By: Garry Crystal - Updated: 12 Apr 2011 | comments*Discuss
Eyesight Computer Screens Vdu Health And

Employers may have a responsibility to pay for employee eyesight tests and even spectacles under certain circumstances. If an employee spends most of their working day at a computer, they may be covered by the Health and Safety Display Screen Equipment regulations.

Computer Screens and Eye Stress

A Visual Display Unit (VDU) could cause strain and stress to the eyes, especially for employees who spend a great deal of their working day in front of a computer. There is no medical evidence of display units causing deterioration in eyesight. But constantly shifting focus, reading small text and computer screen glare can cause discomfort to the eyes. Unfortunately, too many employees can sit for many hours simply staring at a computer screen, increasing the stress and strain on their eyes. Many employees can sit in front of their screens for around eight hours per day.

Entitled Breaks from Computer Screens

Employees are usually recommended to take a short break for every hour they spend working on a computer. Breaks of around five to ten minutes for every hour using a VDU are advised in health and safety regulations. This doesn’t have to mean a rest break but this short break can be spent on other workplace duties. Employers do have a responsibility to ensure that employees are comfortable at their workstation, including VDU health and safety requirements. If an employee is showing signs of eyesight or bodily stress, such as repetitive wrist injury, then an employer should assess the workstation layout.

Stress, Headaches and Eye Strain caused by VDUs

Sitting too close to a computer screen, computer screen glare and poor posture can all cause headaches and stress. In most cases, a combination of different factors can be the cause of medical complaints; for instance, work stress may be adding to a poorly set out workstation. Employees may be unaware that they already suffer from poor eyesight, and that the computer screen is simply adding to this. Sitting too close to a computer screen is an easily rectified problem, but if eyesight is deteriorating then glasses may be the only solution. If an employee is suffering from constant eye strain when using a VDU, an eye test should be considered.

Eyesight Test Paid for by Employers

Employees who are covered under the Health and Safety Display Screen Equipment Regulations 1992 can request a paid eye test. Employers have a responsibility to arrange and pay for an eye test for employees who use a VDU as part of their job. This can also include employees who are not constantly using a VDU but do use them regularly as part of their employment. Employers also have a responsibility to pay for spectacles if special lenses are required; this means special glasses required when working on a VDU. Normal eyeglasses will usually come under the payment responsibility of the employee.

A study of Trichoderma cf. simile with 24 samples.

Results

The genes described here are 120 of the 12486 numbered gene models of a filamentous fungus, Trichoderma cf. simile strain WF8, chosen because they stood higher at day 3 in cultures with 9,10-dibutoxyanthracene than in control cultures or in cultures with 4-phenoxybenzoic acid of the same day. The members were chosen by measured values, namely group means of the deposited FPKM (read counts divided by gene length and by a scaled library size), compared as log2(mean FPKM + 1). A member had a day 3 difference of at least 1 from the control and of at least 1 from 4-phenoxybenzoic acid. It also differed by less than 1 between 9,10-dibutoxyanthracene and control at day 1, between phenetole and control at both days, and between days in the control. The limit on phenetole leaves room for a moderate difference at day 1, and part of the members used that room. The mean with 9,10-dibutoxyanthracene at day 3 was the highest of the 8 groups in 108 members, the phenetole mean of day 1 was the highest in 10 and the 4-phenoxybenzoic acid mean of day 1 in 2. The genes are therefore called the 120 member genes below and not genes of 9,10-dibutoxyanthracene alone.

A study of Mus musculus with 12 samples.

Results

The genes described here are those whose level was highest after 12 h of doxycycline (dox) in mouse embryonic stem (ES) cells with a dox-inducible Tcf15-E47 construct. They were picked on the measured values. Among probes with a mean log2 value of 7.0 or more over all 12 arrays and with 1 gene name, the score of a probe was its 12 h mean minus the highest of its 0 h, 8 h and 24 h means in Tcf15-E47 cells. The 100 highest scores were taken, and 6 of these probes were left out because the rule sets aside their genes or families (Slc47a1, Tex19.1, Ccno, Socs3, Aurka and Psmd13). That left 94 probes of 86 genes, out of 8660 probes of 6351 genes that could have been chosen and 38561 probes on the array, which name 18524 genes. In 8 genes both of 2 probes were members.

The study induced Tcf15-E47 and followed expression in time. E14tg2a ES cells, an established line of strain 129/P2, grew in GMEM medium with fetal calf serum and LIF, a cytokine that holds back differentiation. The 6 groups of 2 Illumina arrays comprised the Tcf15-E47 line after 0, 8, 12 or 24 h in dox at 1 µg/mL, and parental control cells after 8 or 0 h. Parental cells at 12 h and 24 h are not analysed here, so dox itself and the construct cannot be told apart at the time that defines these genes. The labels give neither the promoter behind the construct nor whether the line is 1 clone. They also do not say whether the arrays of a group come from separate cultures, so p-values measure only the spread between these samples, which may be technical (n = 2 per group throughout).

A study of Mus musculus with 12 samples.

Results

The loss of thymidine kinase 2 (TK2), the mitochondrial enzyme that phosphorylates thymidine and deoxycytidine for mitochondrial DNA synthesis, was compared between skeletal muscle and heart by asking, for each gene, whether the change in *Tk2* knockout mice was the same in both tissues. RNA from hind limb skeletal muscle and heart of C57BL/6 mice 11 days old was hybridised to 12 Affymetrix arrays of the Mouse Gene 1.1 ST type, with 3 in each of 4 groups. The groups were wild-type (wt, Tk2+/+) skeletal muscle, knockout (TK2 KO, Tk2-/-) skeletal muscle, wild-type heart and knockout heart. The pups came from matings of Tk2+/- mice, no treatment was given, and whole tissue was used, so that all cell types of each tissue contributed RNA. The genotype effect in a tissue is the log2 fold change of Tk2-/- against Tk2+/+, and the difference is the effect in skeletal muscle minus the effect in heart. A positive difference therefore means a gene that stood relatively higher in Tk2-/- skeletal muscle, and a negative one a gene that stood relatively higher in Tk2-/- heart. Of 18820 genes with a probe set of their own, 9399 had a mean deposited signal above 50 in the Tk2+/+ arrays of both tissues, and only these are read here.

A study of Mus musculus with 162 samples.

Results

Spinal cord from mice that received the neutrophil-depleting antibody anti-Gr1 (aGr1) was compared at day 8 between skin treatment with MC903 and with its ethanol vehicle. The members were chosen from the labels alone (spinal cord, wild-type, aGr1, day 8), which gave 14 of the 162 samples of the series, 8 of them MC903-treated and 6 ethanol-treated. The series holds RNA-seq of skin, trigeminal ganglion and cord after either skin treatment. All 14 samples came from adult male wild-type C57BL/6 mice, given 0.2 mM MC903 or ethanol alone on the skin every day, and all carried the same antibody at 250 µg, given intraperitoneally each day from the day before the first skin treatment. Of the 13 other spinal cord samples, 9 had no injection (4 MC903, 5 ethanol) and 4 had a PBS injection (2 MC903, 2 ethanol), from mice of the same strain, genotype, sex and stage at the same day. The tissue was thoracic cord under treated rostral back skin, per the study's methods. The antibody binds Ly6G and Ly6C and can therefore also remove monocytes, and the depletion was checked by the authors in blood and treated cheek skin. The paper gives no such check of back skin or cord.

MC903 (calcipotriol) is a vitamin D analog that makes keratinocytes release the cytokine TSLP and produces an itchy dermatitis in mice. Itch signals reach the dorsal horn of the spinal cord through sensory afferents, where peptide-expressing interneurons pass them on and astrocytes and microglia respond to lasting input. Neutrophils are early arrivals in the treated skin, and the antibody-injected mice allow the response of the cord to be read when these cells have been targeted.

Requesting an Eyesight Test through an Employer

An employee who feels that a computer screen is causing eyesight problems should bring this matter to the attention of their manager. There may also be a health and safety representative who can assess the situation and look for ways to rectify problems with the workstation. If there are no problems with the workstation, then an eye test should be arranged and paid for by the employer. Employees are also entitled to further paid for eye tests if an optician deems this necessary. Employers do have a responsibility to maintain health and safety standards, and should be made aware of any problems that affect their employees.

Employers Health and Safety Responsibilities and VDUs

Employers cannot take the health and safety requirements of their employees for granted. If issues do arise, they are required to follow guidelines set out in the Health and Safety Regulations including:

  • Assessing workstations, computer monitors and seating to comply with safety requirements
  • Implementing short breaks or changing work duties for employees who spend the majority of their time on a VDU
  • If an employee does require an eye test due to VDU problems, an employer should arrange and pay for this
  • If special eye glasses are required for viewing the VDU screen, the employer should pay for this
  • An employer should pay for future eye tests at regular intervals specified by an optician or doctor
Employers should welcome health and safety issues being brought to their attention. Eyesight strain caused by a computer screen may be causing problems for other employees who are simply suffering in silence. Companies that do meet all health and safety standards will benefit from satisfied and productive employees.